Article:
Music Reviews

Artist: Eyeless in Gaza (@)
Title: Summer Salt & Subway Sun (Boxed Set)
Format: 2 x CD (double CD)
Label: Beta-lactam Ring Records (@)
Distributor: Beta-lactam Ring Records
Rated: *****
I have to admit, I’m one of those people who was more familiar with the name of Eyeless in Gaza than their material. They seemed to be one of those seminal bands who influenced a lot more artists who became popular than achieving widespread popularity themselves. Perhaps it was their ever-changing musical directions that made me view them as a whirling playground roundabout; already set in motion spinning and I just never felt motivated to jump aboard. So I treated myself to a crash course on the group’s history via their rather comprehensive website to play catch-up, and was rather impressed with what I found.

I knew Martyn Bates was involved with Eyeless but my exposure was limited to his "Murder Ballads" project with M.J. Harris (Scorn) which I really enjoyed. I was not familiar with the other half, Peter Becker. I also didn’t know that Eyeless in Gaza began as an industrial/experimental outfit (Antagonistic Music/Dissonance) releasing tapes as early as 1980. What with their various genre explorations from avant-folk to pop, funk, improvisational, experimental, isolationist, and so many other sonic permutations, the band has a rich and varied musical history, not only within the confine of their own project, but also in conjunction with other artists that include Anne Clark, Deirdre Rutkowski (This Mortal Coil), Lol Coxhill, Bill Laswell, Mick Harris, Genesis P. Orridge, In Embrace, and numerous others.

If Eyeless in Gaza was divided to a simple equation (practically impossible I imagine), Martyn Bates would seem to be the pop-folky half of the band, while Peter Becker, seemingly the more avant-garde element. But the superficial assessment is merely that; it is the combination of the two that makes Eyeless in Gaza the eclectic entity it really is. The juxtaposition of Bates’ vocal style (warm and soulful Brit folk-pop) with often uncategorizable musical arrangements is indeed quite a contrast. The atmosphere and ambience shares equal importance with the melodic and lyrical content. Improvisation is as important as structure. Minimal passages are as weighty as cascading sheets of thick sonic substance. There is really no separating the elements here, even if one composition seems to favor a certain set of elements more than another.

I get the impressions that SUMMER SALT & SUBWAY SUN is meant to be taken as a whole work, and not separate tracks, or even separate albums. While by no means a restrospective, it would seem to sum up a good portion of what Eyeless in Gaza is all about, perhaps even more important, what they’re about NOW. The 2 CD set was originally released in 2006 on another label, limited to 1000 copies. Between then and now, the only other Eyeless in Gaza releases were previous albums remastered and a book of lyrics. I don’t know how the original release of SUMMER SALT & SUBWAY SUN was packaged, but this one comes in a nice heavy duty glossy colorful box with two heavy duty glossy colorful cardboard sleeves and a glossy yellow lyric and instrumental credit booklet. (It helps if you favor the color yellow, particularly "golden yellow" on your color chart as that is the predominant color throughout.) I would have liked to have the initial limited release with the extra CD, "Wildcat Fights" to review, but there were only 400 copies of those and they’re probably long gone. Besides, that would be more like telling you what you can’t have, rather than what you can.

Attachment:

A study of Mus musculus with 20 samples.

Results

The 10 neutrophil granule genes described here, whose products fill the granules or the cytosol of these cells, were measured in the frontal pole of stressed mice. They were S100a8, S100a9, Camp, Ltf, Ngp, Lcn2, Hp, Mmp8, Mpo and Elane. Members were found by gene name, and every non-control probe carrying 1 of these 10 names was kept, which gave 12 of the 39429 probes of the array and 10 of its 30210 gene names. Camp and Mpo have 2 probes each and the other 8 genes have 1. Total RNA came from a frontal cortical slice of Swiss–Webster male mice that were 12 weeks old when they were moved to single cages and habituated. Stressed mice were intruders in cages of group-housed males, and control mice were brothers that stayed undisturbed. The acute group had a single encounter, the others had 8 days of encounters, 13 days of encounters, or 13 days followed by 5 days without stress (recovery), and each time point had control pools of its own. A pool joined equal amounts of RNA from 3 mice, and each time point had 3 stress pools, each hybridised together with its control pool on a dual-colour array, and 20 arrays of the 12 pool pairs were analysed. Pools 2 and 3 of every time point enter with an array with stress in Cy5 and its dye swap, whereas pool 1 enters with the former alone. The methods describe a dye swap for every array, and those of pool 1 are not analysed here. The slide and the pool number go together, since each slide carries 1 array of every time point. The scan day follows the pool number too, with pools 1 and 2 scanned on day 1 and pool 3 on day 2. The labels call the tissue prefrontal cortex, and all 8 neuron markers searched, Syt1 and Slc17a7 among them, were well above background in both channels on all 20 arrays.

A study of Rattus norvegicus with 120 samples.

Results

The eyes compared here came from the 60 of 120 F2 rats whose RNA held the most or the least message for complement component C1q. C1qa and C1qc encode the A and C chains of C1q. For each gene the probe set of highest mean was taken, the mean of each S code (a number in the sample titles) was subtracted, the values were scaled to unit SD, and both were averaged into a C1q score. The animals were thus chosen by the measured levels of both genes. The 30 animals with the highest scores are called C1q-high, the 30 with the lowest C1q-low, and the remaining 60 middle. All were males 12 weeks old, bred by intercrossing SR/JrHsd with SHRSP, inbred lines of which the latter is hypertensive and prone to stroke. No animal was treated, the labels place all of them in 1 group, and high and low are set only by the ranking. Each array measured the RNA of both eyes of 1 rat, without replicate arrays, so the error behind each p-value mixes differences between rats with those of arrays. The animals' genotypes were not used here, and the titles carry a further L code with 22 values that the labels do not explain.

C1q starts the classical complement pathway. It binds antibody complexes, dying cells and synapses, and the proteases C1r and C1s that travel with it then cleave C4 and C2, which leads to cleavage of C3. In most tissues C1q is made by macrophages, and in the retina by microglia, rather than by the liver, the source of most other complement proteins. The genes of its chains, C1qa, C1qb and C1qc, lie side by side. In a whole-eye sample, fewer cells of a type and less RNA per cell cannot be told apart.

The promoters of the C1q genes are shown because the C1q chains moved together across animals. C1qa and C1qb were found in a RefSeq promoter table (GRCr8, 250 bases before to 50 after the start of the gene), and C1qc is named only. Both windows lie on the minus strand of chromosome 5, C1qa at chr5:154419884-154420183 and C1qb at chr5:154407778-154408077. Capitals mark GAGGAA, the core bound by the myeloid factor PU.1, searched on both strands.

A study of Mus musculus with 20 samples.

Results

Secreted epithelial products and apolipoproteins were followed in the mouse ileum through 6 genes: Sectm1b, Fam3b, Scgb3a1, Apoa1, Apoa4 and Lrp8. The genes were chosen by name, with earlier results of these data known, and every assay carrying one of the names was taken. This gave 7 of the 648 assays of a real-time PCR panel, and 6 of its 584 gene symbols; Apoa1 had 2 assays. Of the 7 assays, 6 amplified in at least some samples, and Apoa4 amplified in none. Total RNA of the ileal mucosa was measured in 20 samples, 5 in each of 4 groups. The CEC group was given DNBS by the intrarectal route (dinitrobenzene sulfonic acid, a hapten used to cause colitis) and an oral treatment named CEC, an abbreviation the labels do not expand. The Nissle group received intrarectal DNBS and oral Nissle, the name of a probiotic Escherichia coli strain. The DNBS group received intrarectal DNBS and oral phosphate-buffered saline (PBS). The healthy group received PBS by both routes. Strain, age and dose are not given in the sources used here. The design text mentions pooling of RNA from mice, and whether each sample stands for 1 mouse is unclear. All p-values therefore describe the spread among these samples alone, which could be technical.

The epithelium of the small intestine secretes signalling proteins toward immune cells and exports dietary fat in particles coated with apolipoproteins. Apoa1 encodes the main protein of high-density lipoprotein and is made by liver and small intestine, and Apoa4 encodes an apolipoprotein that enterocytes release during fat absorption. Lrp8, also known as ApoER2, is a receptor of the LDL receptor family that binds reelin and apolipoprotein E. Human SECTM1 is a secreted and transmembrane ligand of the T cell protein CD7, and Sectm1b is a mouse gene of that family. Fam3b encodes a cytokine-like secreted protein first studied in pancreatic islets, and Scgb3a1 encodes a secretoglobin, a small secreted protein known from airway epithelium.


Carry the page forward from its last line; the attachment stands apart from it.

Rather than dissecting tracks, I’d rather give an overall impression of SUMMER SALT & SUBWAY SUN. Although not present on every track, I think it’s important to really enjoy Martyn’s vocal style to appreciate music of the music on these CDs. If you’re unfamiliar with it and you don’t care for a sweet, pure emotional, often delicate, nearly commercial voice, you would be best to spend your money elsewhere. You would be missing a lot of interesting music, but the Bates vox is part and parcel of the package. In the music there are shoegazing elements, post-punk elements, semi-psychedelic, ambient folk, industrial beats, gentle folk pop, cinematic soundscapes, Eastern motifs, and more. It’s really quite an eclectic pastiche. One comparison that comes to mind in terms of an artist who mixes an accessible vocal style with an experimental format is David Sylvian. Although the bulk of Sylvian’s output keeps closer the commercial song format, there are parallels in mixing an emotional vocal style with musical improvisation and unusual ambiences. SUMMER SALT & SUBWAY SUN exhibits a wide diversity of sound palettes and there are numerous passages on the CDs that may seem more like anything BUT what you might associate with Eyeless in Gaza. Then again, the unexpected is what they built a career on. These are two very moody, atmospheric CDs that provide a challenging, yet rewarding listen. Every track may not resonate with you, but there is enough excellent material here to call this an essential Eyeless in Gaza purchase, especially if there is a lack of their albums in your collection.